Shareholders of TriQuint Semiconductor
Will TriQuint right this sinking ship in 2012, or will the company continue to slip, trip, and fall under the many challenges? Let's have a look.
At a recent industry conference, TriQuint CFO Steven Buhaly said that the smartphone industry continues to drive business. Phone builders are asking for more integrated all-in-one solutions, and chip prices always fall over time, but smartphones are only getting more common and more bandwidth-hungry. All in all, the dollar-value market for signal processors should grow by 15% next year.
I was kind of rough on CEO Ralph Quinsey in my look back at TriQuint's 2011. It seemed like Quinsey was planning a take-no-prisoners price war to get some use out of freshly built manufacturing facilities. Yeah, the company will use price as a weapon -- but mostly in the near-obsolete 2G market. 3G and 4G will be competitive as TriQuint vies with Skyworks Solutions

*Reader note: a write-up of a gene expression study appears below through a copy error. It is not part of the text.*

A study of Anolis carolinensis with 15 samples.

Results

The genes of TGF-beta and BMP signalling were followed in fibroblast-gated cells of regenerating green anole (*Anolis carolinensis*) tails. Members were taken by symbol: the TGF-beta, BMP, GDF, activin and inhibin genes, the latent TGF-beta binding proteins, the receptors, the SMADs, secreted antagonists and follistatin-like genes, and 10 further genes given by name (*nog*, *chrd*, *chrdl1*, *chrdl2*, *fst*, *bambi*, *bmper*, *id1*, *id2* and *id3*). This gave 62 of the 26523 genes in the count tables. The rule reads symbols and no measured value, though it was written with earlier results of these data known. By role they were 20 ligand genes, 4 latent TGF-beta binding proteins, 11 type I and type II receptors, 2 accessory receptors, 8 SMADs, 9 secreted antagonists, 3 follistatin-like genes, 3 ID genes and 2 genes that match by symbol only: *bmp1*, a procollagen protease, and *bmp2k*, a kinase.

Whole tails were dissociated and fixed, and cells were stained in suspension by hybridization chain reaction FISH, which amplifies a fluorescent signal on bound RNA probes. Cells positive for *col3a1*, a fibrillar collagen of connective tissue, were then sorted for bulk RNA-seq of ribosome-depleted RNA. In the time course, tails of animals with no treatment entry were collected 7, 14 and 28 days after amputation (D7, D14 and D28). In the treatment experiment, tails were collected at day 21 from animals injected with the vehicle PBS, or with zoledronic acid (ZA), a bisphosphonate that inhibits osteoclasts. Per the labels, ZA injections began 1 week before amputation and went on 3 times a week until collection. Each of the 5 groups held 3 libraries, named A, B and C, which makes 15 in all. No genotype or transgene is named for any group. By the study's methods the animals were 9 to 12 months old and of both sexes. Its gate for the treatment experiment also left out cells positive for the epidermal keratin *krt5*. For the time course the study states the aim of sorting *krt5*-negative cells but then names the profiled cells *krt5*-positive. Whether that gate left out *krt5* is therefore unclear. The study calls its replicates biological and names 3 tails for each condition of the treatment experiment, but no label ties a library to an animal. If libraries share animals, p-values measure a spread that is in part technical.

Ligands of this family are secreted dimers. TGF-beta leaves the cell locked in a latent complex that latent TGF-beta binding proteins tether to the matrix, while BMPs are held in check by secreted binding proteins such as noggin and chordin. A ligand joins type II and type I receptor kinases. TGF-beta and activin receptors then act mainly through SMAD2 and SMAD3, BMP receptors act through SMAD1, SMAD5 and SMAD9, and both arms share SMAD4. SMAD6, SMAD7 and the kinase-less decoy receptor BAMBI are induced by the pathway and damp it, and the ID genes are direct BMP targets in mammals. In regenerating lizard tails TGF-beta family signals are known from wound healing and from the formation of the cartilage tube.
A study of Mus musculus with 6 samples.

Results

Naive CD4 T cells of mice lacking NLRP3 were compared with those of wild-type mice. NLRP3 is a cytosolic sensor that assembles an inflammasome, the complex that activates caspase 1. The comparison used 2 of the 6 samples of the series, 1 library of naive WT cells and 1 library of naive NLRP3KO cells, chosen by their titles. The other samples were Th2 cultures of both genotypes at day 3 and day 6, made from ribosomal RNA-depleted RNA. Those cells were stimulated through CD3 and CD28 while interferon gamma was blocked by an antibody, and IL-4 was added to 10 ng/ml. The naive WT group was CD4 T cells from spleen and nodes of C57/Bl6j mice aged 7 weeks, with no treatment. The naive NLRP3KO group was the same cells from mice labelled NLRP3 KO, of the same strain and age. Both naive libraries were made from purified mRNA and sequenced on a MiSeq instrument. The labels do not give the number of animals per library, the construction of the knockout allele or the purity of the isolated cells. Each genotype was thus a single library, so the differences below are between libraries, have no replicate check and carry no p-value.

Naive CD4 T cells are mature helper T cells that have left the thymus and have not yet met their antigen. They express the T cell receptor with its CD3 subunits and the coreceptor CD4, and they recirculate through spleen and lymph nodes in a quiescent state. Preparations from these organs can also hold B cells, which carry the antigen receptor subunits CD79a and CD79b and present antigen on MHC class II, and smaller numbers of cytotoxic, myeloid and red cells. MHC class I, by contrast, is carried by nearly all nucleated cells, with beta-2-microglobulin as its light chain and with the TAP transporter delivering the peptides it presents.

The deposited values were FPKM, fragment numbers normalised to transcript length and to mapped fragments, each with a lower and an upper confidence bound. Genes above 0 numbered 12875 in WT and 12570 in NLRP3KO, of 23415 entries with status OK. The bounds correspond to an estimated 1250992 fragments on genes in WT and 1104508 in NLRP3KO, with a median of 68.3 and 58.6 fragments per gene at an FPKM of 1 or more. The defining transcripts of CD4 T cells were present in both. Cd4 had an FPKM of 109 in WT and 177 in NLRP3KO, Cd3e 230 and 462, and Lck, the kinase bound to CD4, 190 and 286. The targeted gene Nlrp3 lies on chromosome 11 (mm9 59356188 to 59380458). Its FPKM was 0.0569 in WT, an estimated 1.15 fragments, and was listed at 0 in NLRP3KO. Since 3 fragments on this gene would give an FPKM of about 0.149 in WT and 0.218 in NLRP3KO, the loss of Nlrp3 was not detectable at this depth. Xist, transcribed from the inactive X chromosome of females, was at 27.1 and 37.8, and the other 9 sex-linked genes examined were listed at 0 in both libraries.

In case the other guys steal orders from TriQuint in the handset space, the company can turn to the infrastructure side of things. The company is a leading parts supplier to base station builders from Ericsson
So rivals are gathering at the gates, but TriQuint is better armed than I thought and can lean a bit on alternative revenue sources if the main gig goes sour.
Mind you, it's not all roses and rainbows. Fellow Fool Rich Smith worries about TriQuint's restricted cash flows. I still need to see the company winning back some lost market share. In short, I still wouldn't buy this stock today. There are too many truly great investment opportunities in the mobile market to risk capital on a highly uncertain bounce. As an example, here's one brilliant mobile computing idea for your portfolio in 2012.